Texas Rangers

Globe Life Field ‘was designed to accommodate grass.’ So why will it have synthetic turf?

The Texas Rangers announced their new ballpark Globe Life Field will have artificial turf when it opens in 2020.

The club, from general manager Jon Daniels to executive vice president of business operations Rob Matwick to senior medical operations and sports science director Jamie Reed, all shared similar stories with how the decision came to be last week. All agreed that they originally envisioned having natural grass in the retractable-roof Globe Life Field.

Those three, along with representatives from Shaw Sports Turf, explained why synthetic grass was the best move for the new stadium, why this turf will be unlike previous artificial turfs and how it will benefit both the Rangers and fans.

Here, in their own words, they explain how they came to their decision:

Rob Matwick: We certainly looked at grass from the beginning. The ballpark was designed to accommodate grass. The challenge with grass in retractable roof stadiums is they are not consistent from foul line to foul line. Arizona, for 20 years, tried to grow natural grass. This year, they finally said enough. We think it’s better from foul pole to foul pole. Better conditions, better safety for the players. We challenged Shaw [Sports Turf]. We said we are not going to consider this unless we have the best surface in Major League Baseball. We believe we have accomplished that and have the consistency from foul line to foul line.

Jamie Reed: I got involved in this study to make sure this was the best possible synthetic playing surface for our players to play on. I’m very confident this is going to be best artificial playing surface in the game. It will be the safest for our players and for the fans, aesthetically it is going to look like a natural field. I’m really confident this is going to be a great product.

Philipe Aldahir (Shaw Sports Turf director of research and innovation): There are three main keys to making a field play with excellence: one is the surface itself. What do we need to do to make the surface handle the ball bounce? We have been to a dozen natural grass venues to baseline what those properties needed to be. Second, how can we replicate that with artificial components? So when you start tweaking the fabric with the padding below, you start getting closer or further away from natural grass. We found this turf to be closest to natural grass playing ability. We went out and looked at natural fields and made our baseline properties look the same. Lastly, making sure the surface is compliant with player performance and player safety. We collaborated with institutions to make sure the surface has a similar feel as natural grass.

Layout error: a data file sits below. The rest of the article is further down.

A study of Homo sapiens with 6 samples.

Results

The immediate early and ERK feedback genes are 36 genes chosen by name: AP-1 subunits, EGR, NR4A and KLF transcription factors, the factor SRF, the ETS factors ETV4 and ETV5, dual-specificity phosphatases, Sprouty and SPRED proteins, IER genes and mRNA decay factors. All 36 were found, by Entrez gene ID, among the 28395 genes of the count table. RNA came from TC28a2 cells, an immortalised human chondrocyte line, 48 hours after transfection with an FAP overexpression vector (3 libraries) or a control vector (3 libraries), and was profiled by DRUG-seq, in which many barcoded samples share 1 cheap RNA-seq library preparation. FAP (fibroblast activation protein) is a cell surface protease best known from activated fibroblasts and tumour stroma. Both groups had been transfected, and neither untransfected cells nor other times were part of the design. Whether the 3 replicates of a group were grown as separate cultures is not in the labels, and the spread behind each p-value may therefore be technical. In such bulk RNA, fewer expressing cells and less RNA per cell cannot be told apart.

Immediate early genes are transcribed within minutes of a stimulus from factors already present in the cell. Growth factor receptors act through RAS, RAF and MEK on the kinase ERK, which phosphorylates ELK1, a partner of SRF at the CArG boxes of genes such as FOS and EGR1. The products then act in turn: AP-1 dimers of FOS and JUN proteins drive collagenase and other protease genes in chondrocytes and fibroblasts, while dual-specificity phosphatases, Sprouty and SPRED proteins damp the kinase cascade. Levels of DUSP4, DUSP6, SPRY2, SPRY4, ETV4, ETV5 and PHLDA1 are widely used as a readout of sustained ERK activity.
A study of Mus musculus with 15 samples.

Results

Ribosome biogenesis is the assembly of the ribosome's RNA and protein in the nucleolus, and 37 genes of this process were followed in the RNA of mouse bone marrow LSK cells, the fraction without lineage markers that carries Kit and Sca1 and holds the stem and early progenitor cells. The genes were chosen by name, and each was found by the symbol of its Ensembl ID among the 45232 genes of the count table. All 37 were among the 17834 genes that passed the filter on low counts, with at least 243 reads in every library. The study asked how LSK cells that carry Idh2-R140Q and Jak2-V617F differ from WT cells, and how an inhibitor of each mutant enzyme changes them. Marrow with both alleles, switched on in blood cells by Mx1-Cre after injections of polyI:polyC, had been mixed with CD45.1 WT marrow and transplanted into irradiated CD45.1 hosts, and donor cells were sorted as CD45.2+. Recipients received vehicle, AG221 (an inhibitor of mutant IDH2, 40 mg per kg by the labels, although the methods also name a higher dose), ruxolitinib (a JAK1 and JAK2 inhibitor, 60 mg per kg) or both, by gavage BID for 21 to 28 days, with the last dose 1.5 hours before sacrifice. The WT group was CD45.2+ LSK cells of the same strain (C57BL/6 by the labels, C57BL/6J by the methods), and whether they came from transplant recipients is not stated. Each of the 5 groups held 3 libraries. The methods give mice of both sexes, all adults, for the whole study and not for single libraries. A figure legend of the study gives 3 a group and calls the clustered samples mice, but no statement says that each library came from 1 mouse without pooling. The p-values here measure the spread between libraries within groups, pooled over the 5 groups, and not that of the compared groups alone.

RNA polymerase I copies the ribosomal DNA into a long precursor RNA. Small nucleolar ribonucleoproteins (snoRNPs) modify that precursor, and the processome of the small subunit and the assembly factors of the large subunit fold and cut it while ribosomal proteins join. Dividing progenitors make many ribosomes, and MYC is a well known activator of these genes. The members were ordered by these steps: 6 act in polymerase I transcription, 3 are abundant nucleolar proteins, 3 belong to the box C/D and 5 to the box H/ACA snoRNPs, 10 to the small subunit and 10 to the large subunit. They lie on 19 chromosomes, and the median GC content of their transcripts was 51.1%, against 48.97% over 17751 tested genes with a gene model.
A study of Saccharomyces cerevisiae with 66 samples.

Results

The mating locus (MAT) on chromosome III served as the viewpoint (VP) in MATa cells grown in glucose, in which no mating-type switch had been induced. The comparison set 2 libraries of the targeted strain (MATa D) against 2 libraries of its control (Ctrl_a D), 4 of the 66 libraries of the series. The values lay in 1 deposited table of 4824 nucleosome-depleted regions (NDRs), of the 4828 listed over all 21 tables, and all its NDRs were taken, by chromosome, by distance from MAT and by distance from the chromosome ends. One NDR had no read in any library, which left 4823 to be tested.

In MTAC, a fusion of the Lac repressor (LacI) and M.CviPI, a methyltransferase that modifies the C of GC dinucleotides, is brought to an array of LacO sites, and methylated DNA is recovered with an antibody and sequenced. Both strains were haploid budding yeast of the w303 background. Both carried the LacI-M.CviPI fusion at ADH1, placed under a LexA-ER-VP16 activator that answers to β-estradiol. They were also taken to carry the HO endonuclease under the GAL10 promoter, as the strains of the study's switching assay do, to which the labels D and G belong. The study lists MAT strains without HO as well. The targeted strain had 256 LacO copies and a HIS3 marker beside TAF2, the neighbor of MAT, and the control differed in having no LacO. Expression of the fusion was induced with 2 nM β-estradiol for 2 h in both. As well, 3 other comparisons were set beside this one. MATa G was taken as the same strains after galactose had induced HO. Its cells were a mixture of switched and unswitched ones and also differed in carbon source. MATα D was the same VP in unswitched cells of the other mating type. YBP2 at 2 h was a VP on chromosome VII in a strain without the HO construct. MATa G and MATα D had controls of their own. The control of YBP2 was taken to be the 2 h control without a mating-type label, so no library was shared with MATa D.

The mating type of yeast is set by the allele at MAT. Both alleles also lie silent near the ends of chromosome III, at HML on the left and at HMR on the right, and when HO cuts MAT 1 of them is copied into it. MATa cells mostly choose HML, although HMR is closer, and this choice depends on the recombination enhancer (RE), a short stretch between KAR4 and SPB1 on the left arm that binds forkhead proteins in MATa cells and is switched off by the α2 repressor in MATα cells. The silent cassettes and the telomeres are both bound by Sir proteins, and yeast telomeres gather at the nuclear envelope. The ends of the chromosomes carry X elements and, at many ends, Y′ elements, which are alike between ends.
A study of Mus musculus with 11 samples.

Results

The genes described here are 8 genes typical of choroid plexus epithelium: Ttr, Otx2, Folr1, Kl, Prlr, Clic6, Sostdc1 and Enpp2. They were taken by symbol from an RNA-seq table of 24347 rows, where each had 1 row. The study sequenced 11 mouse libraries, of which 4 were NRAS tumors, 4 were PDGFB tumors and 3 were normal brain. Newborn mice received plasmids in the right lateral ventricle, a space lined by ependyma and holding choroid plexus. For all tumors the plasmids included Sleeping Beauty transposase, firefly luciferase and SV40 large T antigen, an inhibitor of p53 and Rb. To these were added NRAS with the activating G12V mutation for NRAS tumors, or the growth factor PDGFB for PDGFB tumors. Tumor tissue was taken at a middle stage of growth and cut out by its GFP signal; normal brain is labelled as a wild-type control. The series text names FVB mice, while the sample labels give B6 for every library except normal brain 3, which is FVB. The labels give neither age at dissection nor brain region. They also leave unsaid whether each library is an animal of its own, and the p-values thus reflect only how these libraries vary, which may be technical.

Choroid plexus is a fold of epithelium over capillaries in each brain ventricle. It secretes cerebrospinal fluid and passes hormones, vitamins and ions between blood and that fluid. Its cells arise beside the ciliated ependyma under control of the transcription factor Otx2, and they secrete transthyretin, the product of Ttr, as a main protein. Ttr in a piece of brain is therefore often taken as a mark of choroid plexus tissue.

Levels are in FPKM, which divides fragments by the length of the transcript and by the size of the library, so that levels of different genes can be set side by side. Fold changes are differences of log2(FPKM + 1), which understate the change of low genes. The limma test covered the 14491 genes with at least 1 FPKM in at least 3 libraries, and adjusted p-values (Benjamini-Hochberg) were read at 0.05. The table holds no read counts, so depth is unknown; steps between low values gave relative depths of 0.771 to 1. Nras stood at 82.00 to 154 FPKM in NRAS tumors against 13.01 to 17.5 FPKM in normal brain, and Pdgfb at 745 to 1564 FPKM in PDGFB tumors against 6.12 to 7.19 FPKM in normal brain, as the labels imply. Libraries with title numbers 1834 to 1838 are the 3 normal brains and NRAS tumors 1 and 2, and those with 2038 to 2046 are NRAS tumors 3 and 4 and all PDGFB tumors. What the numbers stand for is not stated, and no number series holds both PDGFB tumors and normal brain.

Chuck McClurg (Shaw Sports Turf vice president): We do have a year to learn. We are not going to stop learning just because we are announcing today. Research is on-going and anything we learn, we will apply. This is a system that is more manageable to increase or lower the speed [of the reaction to the ball]. This is designed for this specific environment. This one is based on our research and studies here [at Globe Life Park] in Arlington.

Matwick: One of the things that will be different too is this will be a permanent installation. We don’t intend on putting this surface down and then roll it off and take it off the field let’s say if we were moving a concert in. We will treat it like grass. So this will be a permanent installation, specific to this building, specific to the Rangers and then we’ll study it. After each homestand next year we’ll come in and test and make sure we’re meeting those standards that we’ve set to match us to our current ballpark to make sure we’re consistent throughout the year.

Jon Daniels: I think we all started from the same place, which is baseball, ballpark, grass. But then as you start to dig into it, not just from the evidence-based studies these guys worked on, but just talking to the players, talking to agents. I didn’t get a sense that it was going to be an issue for anybody. Players questions were over the past year or so, they were more curious about how it was going to play. The bounce in the outfield. Questions about the ball bouncing over people’s heads. We’ve clearly learned that the difference in synthetic fields are very different and we can control those. What I was naive to was how different the [natural] grass fields are around the league. And even how different the individual fields are week to week if they had an event there. The consistency element we’re going to be able to have is pretty meaningful. The question was: What quality of field will it be? And ultimately I think the decision came down was we feel like this will be a more consistent, higher quality field than we can provide than a grass surface at this point.

Related stories from Fort Worth Star Telegram

Stefan Stevenson has been covering sports for the Star-Telegram since 1997. He spent five years covering TCU athletics, which included two BCS bowls, two trips to the college World Series and the move to the Big 12. He has covered the Texas Rangers since 2014 and started reporting on the Dallas Cowboys in 2016.